A Saturday stroll has never been quite like this! Following art historian, author and TV presenter Richard Stemp through the streets of Mayfair and Soho, members were invited to to explore the two sides of the upcoming Art Fairs, Frieze London and Frieze Masters, as part of a tour by ROSL ARTS and Art History UK. All the visits were planned to look at both the contemporary side of the art world as well as the historic that has come before and set the scene.
Beginning with a cuppa amongst the exhibition NO PLACE at Over-Seas House, the group got to know the work that goes on at ROSL and see the fantastic artwork which was created as a reaction to the member’s club in which it resides. Richard then took the group just a short walk around the corner to the Simon Lee Gallery where they were introduced to the work of Jeff Elrod. The New York and Marfa-based artist experiments in digital and print technology on a large scale and his work prompted a conversation about modes of production and the different levels within a ‘flat’ work of art.
Following this, the group strolled to Soho and Sadie Coles HQ where the exhibition Zhongguo 2185, curated by Victor Wang 王宗孚 had only just opened days before. Richard had chosen this location as it had rebelled from the Frieze norms and staged a group show of ten young artists from China, whose works address the shifting cultural contexts of the country – past, present, and future. This is unusual, as many galleries use this important time in the London art world to present their ‘blue chip’ artists but Sadie Coles has gone against the grain with artists they do not represent and half of whom have not exhibited in the UK before. This visit invited discussions about censorship, the art market and the international reach of art, with the gallery staff Emma and Matt, who welcomed the group into the vast gallery space. Exiting to the next gallery there was time to do some shopping in the interactive work XUZHEN Supermarket (2007/2017) by Xu Zhen, which was an interesting talking piece looking at the value of art in relation to commerce.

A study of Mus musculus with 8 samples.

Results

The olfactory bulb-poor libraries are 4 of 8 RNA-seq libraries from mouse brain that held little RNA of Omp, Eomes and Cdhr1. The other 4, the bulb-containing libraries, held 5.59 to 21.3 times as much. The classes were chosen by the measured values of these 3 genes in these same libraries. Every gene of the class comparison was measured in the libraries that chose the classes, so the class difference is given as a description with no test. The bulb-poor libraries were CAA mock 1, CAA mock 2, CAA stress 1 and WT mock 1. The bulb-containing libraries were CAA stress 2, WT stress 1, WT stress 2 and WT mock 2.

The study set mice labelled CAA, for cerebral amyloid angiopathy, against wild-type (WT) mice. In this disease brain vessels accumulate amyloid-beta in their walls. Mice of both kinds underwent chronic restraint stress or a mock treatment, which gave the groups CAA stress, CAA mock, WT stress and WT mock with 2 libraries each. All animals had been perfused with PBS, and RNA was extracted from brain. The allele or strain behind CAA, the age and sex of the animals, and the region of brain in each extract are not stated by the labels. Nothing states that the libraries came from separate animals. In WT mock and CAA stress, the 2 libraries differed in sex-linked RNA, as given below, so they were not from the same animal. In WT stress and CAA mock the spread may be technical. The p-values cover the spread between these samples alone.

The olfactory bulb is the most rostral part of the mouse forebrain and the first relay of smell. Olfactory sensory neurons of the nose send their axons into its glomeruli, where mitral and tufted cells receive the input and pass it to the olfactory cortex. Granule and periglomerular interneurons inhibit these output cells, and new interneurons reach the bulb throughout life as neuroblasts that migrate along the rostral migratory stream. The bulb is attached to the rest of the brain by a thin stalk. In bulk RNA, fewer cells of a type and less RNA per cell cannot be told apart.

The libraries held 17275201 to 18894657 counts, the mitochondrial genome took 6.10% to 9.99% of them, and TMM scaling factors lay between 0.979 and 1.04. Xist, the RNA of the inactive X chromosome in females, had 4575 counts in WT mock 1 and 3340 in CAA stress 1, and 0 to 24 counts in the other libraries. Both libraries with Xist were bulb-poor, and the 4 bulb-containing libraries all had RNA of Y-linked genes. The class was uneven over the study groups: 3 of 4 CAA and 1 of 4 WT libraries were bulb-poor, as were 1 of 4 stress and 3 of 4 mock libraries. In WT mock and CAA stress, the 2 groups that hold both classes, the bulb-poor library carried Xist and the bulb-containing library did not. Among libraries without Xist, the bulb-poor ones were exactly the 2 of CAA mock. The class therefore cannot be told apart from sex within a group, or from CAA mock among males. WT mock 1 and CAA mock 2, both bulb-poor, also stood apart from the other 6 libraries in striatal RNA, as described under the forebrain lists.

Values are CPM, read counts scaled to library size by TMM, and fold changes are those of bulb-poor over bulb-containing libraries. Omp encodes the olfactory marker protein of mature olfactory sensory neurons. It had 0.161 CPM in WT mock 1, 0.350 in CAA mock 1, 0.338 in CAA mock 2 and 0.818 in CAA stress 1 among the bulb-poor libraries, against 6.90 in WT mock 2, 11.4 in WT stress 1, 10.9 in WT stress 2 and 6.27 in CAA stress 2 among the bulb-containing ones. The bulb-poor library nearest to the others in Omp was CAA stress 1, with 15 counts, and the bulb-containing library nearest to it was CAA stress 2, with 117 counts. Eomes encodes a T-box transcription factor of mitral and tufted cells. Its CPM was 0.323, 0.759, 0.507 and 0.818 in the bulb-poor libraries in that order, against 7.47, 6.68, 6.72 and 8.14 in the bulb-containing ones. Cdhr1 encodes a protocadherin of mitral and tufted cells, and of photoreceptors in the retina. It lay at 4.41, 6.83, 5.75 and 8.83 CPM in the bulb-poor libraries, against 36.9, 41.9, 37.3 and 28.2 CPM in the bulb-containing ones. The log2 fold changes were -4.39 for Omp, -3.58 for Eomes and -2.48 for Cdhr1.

From Soho a short walk to Golden Square and Frith Street Gallery. The immensely helpful guide made recommendations about places to see on the way, reassuring us that the imposing façades boasted by many of these organisations are misleading and that visitors are very welcome. Frith Street Gallery has one such façade and entering through the double height door is quite daunting, but the group were welcomed by the Director, Cornelia Behr who introduced the work of Thomas Schütte. The German contemporary artist works in a range of media but in this space were ceramics and glass works on an impressive scale. The conversation examined interpretation of art, as Schütte presents his work with little justification as to what it represents, offering the audience blank spaces to fill in.
Moving from the contemporary art in these white cube spaces, the group visited the National Gallery to examine what has come before with three works looking at the art market in relation to historic works of art and top tips on what to add to a good collection. Filled with milling tourists and historic works on the rich wall coverings, the space was quite the contrast from what we had already seen, but Richard juxtaposed the contemporary with the historical, rounding off an insightful and enjoyable afternoon of art.